CBD and THC Extraction Turns Cannabis Plants into Gold
Cannabis is a pretty valuable plant these days. It is so valuable that it is considered gold to the people who produce, process, and sell it. Fortunately for them, there are multiple ways to take the cannabis plant and turn it into a product people are willing to pay for. It is all about extraction.
The extraction process is designed to separate cannabinoids and terpenes from cannabis biomass. What you extract can be sold as-is or used as an ingredient in other products. The more you can extract from biomass, the more liquid gold you have to work with.
The Top Two Cannabinoids
The foundation of extraction are the cannabinoids found in cannabis plants. Note that both marijuana and hemp are strains of cannabis. Hemp contains more CBD whereas marijuana contains more THC. Both types of plants are bred to enhance these two cannabinoids.
Marijuana has an advantage in that it does not necessarily have to be processed. It can be harvested, separated, and then smoked. Hemp is another story. There is no value in smoking it. Therefore, deriving any benefits from its cannabinoids requires extraction.
Processors still extract THC from marijuana for the simple fact that there are some people who just don’t want to smoke weed. And in some states, where cannabis can only be used medically, smoking is not even allowed. That makes THC extraction a necessity.
3 Was to Extract
CedarStoneIndustry is a Houston company that manufactures cannabis and marijuana extraction equipment. They say that the three most popular ways to extract cannabinoids are steam distillation, solvent extraction, and CO2 extraction. Here is a little bit more about each one:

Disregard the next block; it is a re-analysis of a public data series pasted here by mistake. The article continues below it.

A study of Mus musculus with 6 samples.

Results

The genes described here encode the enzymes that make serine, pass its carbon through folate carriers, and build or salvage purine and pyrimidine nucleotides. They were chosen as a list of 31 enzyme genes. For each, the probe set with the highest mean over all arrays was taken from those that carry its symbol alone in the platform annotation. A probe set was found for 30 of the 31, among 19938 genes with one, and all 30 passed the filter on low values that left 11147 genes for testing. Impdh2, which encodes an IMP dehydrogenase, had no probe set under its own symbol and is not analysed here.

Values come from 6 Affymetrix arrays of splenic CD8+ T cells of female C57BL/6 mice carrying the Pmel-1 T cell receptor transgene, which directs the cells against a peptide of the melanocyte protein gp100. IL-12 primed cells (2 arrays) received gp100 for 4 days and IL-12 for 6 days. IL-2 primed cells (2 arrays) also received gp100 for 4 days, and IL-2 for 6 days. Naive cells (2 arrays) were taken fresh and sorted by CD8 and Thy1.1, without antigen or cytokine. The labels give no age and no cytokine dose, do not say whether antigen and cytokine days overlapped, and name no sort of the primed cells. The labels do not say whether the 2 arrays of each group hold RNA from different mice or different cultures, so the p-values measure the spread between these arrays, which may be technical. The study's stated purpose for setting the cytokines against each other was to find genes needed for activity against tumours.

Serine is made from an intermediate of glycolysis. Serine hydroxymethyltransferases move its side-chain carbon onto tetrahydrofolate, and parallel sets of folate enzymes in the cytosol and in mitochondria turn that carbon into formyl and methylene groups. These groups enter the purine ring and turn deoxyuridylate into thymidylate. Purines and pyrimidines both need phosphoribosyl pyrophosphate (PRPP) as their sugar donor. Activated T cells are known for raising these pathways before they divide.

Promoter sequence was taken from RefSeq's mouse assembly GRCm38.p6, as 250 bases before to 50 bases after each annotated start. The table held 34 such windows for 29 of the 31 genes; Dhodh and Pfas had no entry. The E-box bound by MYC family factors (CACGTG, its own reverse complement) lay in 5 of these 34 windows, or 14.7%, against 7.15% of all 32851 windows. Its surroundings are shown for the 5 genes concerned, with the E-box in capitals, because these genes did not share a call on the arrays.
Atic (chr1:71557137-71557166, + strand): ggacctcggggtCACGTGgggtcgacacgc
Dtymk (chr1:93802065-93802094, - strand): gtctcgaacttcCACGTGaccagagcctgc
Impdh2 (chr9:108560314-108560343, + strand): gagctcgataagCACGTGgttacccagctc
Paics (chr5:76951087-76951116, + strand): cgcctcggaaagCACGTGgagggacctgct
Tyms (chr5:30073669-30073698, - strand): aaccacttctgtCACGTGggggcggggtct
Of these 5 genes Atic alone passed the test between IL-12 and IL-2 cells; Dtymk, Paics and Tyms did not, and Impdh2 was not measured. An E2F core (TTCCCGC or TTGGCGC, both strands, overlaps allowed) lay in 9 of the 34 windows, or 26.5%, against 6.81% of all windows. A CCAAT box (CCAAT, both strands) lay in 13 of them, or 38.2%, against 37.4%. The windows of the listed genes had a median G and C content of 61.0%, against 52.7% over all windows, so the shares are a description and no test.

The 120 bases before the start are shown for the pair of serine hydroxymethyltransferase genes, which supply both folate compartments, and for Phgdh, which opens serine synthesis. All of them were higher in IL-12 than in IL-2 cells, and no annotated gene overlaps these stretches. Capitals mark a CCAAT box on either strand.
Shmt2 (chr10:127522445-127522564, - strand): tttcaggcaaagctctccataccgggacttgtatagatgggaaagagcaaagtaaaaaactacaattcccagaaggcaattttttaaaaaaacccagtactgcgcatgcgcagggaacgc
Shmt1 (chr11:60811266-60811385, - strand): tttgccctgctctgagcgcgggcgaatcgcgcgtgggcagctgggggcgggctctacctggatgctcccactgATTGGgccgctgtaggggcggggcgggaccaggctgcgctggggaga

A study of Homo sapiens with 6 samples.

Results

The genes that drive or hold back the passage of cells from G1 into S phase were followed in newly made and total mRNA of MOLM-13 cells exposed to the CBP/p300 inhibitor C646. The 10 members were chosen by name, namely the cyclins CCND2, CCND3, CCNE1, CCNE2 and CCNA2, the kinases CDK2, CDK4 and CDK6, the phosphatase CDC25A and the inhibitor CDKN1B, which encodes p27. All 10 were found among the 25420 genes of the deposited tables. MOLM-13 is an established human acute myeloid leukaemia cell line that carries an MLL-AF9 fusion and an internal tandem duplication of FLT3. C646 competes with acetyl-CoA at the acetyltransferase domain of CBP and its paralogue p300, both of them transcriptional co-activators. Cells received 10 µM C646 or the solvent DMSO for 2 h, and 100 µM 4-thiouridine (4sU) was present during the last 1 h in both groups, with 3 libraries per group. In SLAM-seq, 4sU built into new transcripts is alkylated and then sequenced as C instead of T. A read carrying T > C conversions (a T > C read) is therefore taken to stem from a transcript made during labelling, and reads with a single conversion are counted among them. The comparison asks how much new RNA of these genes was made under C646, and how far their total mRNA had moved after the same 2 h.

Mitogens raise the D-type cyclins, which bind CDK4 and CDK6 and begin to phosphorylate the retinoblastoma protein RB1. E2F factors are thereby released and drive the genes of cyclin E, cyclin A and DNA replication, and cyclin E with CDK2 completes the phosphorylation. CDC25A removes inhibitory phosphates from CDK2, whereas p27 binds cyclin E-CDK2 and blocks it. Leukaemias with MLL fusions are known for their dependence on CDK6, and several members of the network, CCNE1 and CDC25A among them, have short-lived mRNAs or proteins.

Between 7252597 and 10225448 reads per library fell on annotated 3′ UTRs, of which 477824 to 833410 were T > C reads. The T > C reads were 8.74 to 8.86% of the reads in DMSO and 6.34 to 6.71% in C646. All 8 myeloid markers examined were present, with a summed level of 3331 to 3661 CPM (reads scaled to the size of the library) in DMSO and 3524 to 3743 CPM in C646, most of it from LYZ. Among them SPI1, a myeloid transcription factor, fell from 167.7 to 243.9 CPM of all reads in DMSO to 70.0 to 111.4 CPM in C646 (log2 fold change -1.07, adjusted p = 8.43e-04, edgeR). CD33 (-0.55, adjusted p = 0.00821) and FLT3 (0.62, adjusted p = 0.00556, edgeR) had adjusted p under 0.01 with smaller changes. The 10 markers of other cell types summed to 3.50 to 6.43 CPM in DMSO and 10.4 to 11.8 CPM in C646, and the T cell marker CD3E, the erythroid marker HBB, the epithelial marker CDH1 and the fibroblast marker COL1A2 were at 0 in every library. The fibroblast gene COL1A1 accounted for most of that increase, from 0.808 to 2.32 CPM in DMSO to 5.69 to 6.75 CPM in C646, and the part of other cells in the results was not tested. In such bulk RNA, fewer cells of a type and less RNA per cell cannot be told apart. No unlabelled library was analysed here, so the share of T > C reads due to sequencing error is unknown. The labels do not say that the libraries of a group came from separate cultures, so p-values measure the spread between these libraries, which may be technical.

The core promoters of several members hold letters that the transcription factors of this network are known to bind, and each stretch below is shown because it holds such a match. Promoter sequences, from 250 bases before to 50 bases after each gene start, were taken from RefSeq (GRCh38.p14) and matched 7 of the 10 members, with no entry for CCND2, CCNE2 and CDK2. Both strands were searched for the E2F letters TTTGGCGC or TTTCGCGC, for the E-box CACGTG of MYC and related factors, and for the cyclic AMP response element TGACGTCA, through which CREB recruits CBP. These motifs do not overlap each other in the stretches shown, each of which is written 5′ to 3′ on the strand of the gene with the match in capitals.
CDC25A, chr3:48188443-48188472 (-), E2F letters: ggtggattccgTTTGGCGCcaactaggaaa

Steam distillation exposes cannabis biomass to heat, steam, and pressure in a controlled environment. Heat and pressure release cannabinoids from plant material while steam carries them away. The steam condenses and falls as it leaves the distillation tank. The result is a crude oil that can be sold as-is or put through additional processing.
Solvent extraction releases cannabinoids using either a chemical or natural solvent. Ethanol and butane are pretty common chemical solvents. Olive oil is a typical natural solvent.
Soaking biomass in solvent breaks down the plant material to release cannabinoids. After all the plant material is broken down, the resulting mixture is filtered, and you are left with crude oil. From there, crude oil is distilled to separate its various components.
CO2 extraction combines carbon dioxide and high pressure to release cannabinoids. It is similar to steam distillation in principle, though quite different in practical application. This particular method yields the highest quantities and the greatest consistency. It is also the most expensive extraction method.
Making Cannabis Products
Extraction turns cannabis into gold by giving processors valuable cannabinoids and terpenes that they can work with. From the processor’s perspective, there are two separate markets: CBD and cannabis. Even though both hemp and marijuana are strains of cannabis, the industry almost always refers to marijuana as cannabis and hemp as hemp.
A processor interested in the CBD market would concentrate mainly on industrial hemp. Another processor looking to serve the THC market would concentrate efforts on cannabis. Some processors do both.
Either way, extracted cannabinoids become ingredients for retail products. Your typical CBD oil is primarily CBD. But there may be other cannabinoids and terpenes mixed in. And of course, there are ancillary ingredients that make the product usable.
Extraction turns cannabis plants into gold. If it did not, companies wouldn’t put the time and effort into it. But they do because there is money to be made.